As nursing home owners press the state for more taxpayer money to deal with staffing shortages — a crisis known all too well in the Berkshires — critics say they should not get another dime until they open all their books for an audit.
The Massachusetts Senior Care Association last week sounded an alarm that more than 3,000 licensed beds statewide can’t be filled because they can’t be staffed. It also said there are 8,000 vacant jobs.
Staff members need a living wage, the association insists, thus the need for more taxpayer money.
The warning from the industry comes as the Legislature contemplates a bill that includes giving nursing home owners money for raises, for new hiring and for reimbursing workers for job-training programs. It also would add guardrails to keep tabs on how the money is spent and stop the unscrupulous from milking nursing home residents for cash, its proponents say.
If passed, the bill is likely to mean many more millions for the industry, though no one will say exactly how much as it is apparently still to be negotiated. The state has given long-term care companies at least $300 million since 2021, according to a policy paper from the state Legislature’s Joint Committee on Elder Affairs.
But those seeking to make the industry’s finances more transparent say the companies shouldn’t get yet another windfall from taxpayers until they show where all their money goes. That includes, for example, cracking open shell companies, or revealing companies they own and also lease from. Not everything is reported or audited, and states are starting to require such “consolidated cost reports.” There is pending legislation in Massachusetts, as well.
One new report by The National Consumer Voice for Quality Long-Term Care alleges that nursing homes in the U.S. are funneling billions of unaccounted-for money through companies they own, and that regulators aren’t paying attention to.
The “cost reports” the industry submits to regulators don’t give the full picture of a nursing home’s profits, one industry watchdog alleges.
“They look like they’re very poor,” said former state Sen. Richard T. Moore, a health-policy expert who now works on legislative matters for a nonprofit focused on the reform of long-term care. Appearing “poor,” he added “creates a situation where the staff do not get any more money and the residents don’t get safe care.”
The industry isn’t trying to profit, but is only looking for what Medicaid doesn’t cover. Right now reimbursements are $27 short of a facility’s daily cost for each resident every day, said Kate Kahn, a spokesperson for the MSCA.
Kahn said that with 70 percent of facility residents on Medicaid, the lack of a full reimbursement from Medicaid adds up to hundreds of millions of dollars every year, and that employee wages are tied to that.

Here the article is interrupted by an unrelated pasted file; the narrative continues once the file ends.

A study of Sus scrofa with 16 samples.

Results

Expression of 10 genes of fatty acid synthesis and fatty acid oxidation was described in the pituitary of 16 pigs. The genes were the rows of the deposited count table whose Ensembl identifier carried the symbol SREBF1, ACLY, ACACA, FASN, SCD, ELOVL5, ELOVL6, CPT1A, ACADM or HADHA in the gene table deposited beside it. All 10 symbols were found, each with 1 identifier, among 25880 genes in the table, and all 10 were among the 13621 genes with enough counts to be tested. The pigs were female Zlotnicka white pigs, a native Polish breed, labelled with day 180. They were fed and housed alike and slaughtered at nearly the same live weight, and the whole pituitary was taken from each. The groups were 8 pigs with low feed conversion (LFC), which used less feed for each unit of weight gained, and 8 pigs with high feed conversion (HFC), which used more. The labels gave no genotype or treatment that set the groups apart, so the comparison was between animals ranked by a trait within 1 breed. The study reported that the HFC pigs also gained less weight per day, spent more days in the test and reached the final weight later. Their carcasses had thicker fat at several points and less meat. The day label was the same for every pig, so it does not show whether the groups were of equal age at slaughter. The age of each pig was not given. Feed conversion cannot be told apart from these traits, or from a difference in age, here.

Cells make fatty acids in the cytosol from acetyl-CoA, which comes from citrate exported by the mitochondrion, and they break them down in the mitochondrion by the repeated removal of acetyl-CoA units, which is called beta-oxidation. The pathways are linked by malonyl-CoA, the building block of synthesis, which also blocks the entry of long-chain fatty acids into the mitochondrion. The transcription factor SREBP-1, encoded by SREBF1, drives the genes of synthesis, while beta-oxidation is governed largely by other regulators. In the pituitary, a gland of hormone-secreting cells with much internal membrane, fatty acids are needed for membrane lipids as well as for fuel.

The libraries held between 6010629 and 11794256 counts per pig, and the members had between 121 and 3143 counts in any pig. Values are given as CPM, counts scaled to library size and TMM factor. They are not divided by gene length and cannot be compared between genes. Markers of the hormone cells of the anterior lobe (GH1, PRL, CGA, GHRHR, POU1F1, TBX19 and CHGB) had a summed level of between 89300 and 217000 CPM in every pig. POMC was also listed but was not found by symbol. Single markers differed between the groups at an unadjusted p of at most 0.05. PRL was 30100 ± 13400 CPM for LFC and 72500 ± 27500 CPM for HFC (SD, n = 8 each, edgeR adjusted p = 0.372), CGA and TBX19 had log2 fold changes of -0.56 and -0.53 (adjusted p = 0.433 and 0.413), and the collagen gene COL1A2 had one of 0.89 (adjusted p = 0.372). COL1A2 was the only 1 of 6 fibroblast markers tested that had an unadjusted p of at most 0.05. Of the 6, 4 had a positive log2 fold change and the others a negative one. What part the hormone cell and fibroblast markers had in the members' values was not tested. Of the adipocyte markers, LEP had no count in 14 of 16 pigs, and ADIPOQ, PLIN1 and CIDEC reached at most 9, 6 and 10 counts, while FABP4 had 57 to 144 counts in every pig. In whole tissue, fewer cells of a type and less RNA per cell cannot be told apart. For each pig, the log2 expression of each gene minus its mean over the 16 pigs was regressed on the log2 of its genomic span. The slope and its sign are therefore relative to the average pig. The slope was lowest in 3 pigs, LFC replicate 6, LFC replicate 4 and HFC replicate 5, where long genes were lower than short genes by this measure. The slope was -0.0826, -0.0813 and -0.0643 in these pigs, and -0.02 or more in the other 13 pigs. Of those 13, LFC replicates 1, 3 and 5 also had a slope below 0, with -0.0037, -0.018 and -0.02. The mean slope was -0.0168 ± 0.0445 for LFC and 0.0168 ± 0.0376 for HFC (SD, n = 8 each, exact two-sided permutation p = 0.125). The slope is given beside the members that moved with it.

By supporting the industry, Kahn said, taxpayers are helping their own families when it’s their turn to need a nursing home.
“It’s their parents,” Kahn added. “Demand is going to grow.”
And some admissions, Kahn said, will be denied unless all the licensed beds can be staffed, since the state has specific staffing guidelines.
There are also other problems. Dire staffing shortages have prompted facilities to turn to expensive traveling nurse agencies that provide workers at a higher rate. The practice is bleeding facilities and creating turnover that is worrisome for resident safety, say both those in the industry and watchdogs.
The employee and available bed shortages are caused, in part, by the lack of a living wage, according to lawmakers. It’s no surprise to staffers in the Berkshires who have long reported extreme burnout and dangerously inadequate staffing. Residents report neglect as a result.
The bill tries to resolve all that, and to make sure the money will go to the right place, which is caring for residents, said its co-sponsor state Rep. Thomas M. Stanley, D-Waltham, co-chair of the Joint Committee on Elder Affairs.
Stanley said he has no illusions about how the industry frequently asks for a lot of money, and how there is plenty of sketpicism of the motives of company executives.
“There is a lot wrong with the industry, and the bill tackles a lot of issues,” he said, adding that includes ownership structures that might present a conflict of interest.
Questions about where a company’s money is going, Stanley said, are why “the state hasn’t rushed in immediately to fund every request of the industry.”
Two whistleblowers say too few staffers are responsible for the care of around 50 residents in the locked dementia unit at the Springside nursing home in Pittsfield. They claim that poses a hazard to residents and is an unsustainable work environment. The company says residents and their families are making false claims.